Hearing Changes after Chemotherapy


Some chemotherapy medications damage nerves and other ear tissues. This happens more often when high doses of the drugs are used, as well as for those patients who already had some hearing problems. According to oncologists, post-chemotherapy hearing loss is a very real effect. Unfortunately, few patients know about the risk or think to ask their doctor about it when considering chemo treatment.

The drugs responsible for hearing loss after chemotherapy often are those containing platinum, a heavy metal. Platinum damages the myelin sheath of nerves, the protective plasma membrane encapsulating nerves. In your ears, platinum drugs can also affect your fine nerve endings.

The good news is that platinum-based chemo drugs do very well in cancer treatment. The downside is this hearing loss for many patients.

About Chemo Drugs that Affect Hearing

The three most common platinum-based chemo drugs include Cisplatin, Carboplatin and Oxaliplatin. Cisplatin treats:

  • Bladder cancer
  • Ovarian cancer
  • Cervical cancer
  • Non-small cell lung cancer
  • Head and neck cancer
  • Testicular cancer

Carboplatin treats:

  • Lung cancer
  • Head and neck cancer
  • Ovarian cancer
  • Bladder cancer
  • Testicular cancer
  • Uterine cancer
  • Cervical cancer
  • Breast cancer

Oxaliplatin treats colorectal cancer.

Risk for Hearing Loss after Chemo

One in five patients treated with these drugs experience some hearing loss. Tinnitus is another condition patients notice after their treatment. This condition causes constant noise or ringing in ears that typically does not go away.

Hearing loss after chemo does not seem to be sudden. Instead, the damage grows slowly over time. Early hearing testing after chemo forms a baseline for this damage, with future hearing tests showing whether there is additional loss. Doctors usually try to adjust the drugs used in chemo, if hearing changes or ringing in the ears are noticed.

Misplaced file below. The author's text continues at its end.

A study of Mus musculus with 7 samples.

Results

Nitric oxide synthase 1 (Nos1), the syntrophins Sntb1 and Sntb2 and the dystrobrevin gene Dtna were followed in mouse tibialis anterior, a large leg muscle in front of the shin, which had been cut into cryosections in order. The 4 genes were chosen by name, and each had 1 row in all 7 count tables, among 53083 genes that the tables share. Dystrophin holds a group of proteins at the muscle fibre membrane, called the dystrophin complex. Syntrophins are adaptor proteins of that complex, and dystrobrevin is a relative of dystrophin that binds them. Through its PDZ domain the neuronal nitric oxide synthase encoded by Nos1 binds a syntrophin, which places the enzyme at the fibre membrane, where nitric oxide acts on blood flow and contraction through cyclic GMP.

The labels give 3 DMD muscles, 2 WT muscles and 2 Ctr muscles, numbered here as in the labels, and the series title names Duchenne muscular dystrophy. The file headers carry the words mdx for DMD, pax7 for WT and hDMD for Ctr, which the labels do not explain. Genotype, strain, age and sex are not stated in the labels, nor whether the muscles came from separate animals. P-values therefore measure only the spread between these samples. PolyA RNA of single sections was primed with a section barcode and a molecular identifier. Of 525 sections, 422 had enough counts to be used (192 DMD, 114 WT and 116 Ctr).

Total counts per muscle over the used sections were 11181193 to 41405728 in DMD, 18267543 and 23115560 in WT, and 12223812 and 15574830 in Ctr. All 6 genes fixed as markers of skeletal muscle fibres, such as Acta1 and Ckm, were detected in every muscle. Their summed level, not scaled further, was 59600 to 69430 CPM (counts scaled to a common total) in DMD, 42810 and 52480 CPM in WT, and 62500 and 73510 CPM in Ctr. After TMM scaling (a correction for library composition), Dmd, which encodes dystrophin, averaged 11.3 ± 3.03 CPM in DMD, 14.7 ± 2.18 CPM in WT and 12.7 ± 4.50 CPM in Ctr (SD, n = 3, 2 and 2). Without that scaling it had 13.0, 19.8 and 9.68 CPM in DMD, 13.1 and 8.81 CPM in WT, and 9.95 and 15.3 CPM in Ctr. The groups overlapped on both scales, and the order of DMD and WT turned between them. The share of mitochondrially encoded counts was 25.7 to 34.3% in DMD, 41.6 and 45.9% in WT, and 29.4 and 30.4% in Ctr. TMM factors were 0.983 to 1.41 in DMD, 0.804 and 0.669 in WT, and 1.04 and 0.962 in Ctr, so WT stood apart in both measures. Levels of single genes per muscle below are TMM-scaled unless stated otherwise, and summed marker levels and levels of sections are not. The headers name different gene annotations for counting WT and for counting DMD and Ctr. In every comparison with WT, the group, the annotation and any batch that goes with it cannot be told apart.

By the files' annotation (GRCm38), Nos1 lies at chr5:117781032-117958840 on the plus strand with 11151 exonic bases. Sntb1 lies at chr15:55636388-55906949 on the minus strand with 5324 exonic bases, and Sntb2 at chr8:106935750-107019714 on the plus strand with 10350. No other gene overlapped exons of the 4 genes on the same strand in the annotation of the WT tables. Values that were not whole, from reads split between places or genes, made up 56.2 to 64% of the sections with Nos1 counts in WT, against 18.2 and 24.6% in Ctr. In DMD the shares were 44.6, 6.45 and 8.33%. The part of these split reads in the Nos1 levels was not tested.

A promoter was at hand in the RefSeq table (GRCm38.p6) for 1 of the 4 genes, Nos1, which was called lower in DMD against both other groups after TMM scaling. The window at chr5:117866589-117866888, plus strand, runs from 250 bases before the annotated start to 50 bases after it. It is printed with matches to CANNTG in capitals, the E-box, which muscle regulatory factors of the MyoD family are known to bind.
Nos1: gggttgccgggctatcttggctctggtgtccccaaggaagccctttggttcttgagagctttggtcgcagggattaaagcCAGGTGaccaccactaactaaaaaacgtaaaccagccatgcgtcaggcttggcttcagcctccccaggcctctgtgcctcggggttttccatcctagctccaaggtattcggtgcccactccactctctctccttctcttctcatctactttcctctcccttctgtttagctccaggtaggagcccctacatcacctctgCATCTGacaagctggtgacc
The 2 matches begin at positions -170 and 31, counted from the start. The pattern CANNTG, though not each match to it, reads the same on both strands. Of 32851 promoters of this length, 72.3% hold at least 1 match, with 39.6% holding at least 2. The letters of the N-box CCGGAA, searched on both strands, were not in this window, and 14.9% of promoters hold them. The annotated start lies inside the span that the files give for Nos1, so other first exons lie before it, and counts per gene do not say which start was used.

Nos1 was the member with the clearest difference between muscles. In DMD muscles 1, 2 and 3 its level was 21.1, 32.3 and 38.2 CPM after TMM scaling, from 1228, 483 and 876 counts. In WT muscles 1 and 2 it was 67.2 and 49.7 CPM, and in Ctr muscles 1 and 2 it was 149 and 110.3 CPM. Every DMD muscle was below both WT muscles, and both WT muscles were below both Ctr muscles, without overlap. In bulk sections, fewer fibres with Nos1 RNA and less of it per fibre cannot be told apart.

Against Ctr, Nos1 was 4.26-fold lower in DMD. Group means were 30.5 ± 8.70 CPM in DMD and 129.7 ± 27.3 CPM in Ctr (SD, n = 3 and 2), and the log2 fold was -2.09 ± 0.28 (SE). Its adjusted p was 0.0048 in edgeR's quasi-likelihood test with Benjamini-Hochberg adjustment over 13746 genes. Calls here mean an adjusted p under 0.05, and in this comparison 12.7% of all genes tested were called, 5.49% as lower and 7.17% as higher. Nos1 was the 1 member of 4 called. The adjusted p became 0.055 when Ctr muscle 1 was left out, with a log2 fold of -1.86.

Only in the past several years have doctors been more fully active in watching patients for chemo hearing loss. Today’s oncologists strive to treat the whole patient, not just the cancer. This means small changes like hearing loss mean your doctor may seek changes to your treatment to protect your overall wellness and prevent lasting side effects.

Some companies have worked on this hearing loss issue, developing medications designed to decrease chemo-related hearing loss. But those medications also bring their own side effects, such as worsening of nausea and vomiting. Only about 20 percent of patients experience hearing side effects, so the medications to prevent this loss are not given to all chemo participants, due to their negative side effects.

If you notice hearing loss or tinnitus during your chemotherapy, talk to your oncologist. Hearing is an important part of your life and doctors do not want to sacrifice your quality of life for cancer treatment. There are more options for treatment today and your oncologist may explore those to prevent these side effects.